COLUMN | Don’t just ‘support’ reserve grade, RFL, make it happen

Reserve grade has been the talk of the sport this week.

Gareth Walker’s excellent article in the Daily Mirror this week has sparked talk among players past and present, supporters and coaches alike.

The general consensus? A fully-fledged re-launch of reserve grade would be a monumental boost to the sport game-wide.

So when the Rugby Football League issued a statement in response on Thursday, it looked to be the answer to the sport’s long-held prayers.

That was until one line.

“The decision sits with clubs.”

The whole statement was a cop-out.

The governing body comes in for some unjust criticism but its unwillingness to be pro-active on reserve grade is infuriating.

Are there any negatives to the sport having a compatible, game-wide reserve grade competition? No, other than the costs that certain clubs claim they can’t afford (that’s an argument for a different day).

But if the benefits and advantages are so blatantly apparent, why is the RFL, the body in charge of working in the best interests of the game, not doing everything in its power to make this happen?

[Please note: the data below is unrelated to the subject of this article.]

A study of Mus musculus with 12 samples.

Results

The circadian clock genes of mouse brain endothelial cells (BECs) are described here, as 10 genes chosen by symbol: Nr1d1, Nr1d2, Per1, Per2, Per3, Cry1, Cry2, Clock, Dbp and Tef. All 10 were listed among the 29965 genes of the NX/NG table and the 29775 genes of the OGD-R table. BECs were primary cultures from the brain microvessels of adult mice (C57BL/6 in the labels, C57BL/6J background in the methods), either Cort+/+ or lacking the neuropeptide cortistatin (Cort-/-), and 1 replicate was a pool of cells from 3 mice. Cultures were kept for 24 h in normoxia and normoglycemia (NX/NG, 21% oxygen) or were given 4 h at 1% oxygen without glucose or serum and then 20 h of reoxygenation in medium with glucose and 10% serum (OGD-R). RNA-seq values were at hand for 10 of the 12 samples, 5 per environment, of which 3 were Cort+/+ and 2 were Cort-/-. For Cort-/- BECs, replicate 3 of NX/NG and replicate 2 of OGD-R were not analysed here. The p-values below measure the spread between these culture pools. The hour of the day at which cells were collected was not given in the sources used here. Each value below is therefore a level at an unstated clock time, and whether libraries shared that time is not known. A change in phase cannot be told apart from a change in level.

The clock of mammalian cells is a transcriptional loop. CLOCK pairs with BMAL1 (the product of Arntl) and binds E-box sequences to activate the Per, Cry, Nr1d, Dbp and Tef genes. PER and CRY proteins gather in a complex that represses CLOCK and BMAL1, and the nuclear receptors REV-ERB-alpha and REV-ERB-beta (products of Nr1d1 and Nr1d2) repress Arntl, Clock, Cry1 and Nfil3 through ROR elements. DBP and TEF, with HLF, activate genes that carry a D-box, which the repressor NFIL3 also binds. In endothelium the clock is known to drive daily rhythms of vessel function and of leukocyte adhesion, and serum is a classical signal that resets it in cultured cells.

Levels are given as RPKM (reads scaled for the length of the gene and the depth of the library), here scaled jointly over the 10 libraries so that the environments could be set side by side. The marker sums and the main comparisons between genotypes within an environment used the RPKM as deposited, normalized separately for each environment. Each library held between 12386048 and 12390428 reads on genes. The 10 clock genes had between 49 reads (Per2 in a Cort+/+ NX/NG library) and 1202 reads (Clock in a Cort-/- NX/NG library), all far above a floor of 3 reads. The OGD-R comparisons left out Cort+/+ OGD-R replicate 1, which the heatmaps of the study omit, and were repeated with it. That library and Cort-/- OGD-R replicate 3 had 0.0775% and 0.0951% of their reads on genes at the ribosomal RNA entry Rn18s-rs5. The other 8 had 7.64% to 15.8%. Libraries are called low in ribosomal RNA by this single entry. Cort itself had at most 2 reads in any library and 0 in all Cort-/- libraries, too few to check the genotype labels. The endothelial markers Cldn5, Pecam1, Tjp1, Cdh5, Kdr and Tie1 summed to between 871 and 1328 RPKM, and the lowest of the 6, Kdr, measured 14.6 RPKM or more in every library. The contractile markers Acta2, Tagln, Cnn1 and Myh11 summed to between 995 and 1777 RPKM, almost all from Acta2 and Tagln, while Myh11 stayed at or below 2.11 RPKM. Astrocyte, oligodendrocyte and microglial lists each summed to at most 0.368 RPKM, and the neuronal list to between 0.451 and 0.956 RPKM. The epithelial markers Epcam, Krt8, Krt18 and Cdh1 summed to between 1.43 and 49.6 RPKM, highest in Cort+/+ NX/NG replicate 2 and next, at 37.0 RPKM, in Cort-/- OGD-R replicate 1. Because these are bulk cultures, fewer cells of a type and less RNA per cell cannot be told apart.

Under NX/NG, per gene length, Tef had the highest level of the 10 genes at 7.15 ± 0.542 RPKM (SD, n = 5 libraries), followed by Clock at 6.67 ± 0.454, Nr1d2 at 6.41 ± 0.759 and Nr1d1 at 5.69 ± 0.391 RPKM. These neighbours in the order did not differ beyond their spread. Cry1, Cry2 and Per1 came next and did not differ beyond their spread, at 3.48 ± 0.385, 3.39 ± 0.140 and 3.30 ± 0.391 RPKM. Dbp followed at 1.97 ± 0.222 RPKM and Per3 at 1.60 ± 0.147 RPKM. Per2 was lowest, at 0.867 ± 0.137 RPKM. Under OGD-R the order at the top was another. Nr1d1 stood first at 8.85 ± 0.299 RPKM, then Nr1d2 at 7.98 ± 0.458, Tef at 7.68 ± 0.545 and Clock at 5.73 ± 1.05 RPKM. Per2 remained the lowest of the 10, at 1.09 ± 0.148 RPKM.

Ralph Rimmer has come out and said he completely supports reserve grade. Great. But then says the RFL ‘can extend and develop the competition framework accordingly’. No, do it, and don’t give the clubs a choice!

Clubs against reserve grade can argue all they like, but anyone who believes any club competing at the top level of the game does not have a duty to develop players is categorically wrong. There are many clubs who don’t run a reserve grade but have scholarship and academy programmes, that should be stated, but the various figures and countless examples at clubs running reserve grade prove its value to the sport.

If costs are truly the problem for clubs – you’ll struggle to convince many that’s the case when Halifax and Keighley can raise the money to do it, then the RFL should be doing every in its power to provide a structure that is fully compatible and realistically achievable for all involved. The decision to stand back and let the clubs quibble and bicker over the subject themselves has resulted in a half-arsed reserve grade structure while others use the dreaded dual-reg setup that the vast majority of players dislike, while certain clubs use it to give their senior players game-time, thus defeating the entire purpose of the system in the first place.

And if you’re not going to listen to me, then listen to the players, who have unanimously let their voice be heard this week. The number of players who say reserve grade is the answer, who say they wouldn’t have got to where they are without reserve grade, and those who say they would have benefitted greatly from it, tells you everything you need to know.

Now is the time to take action, not the time to dish out non-committal, good-will statements.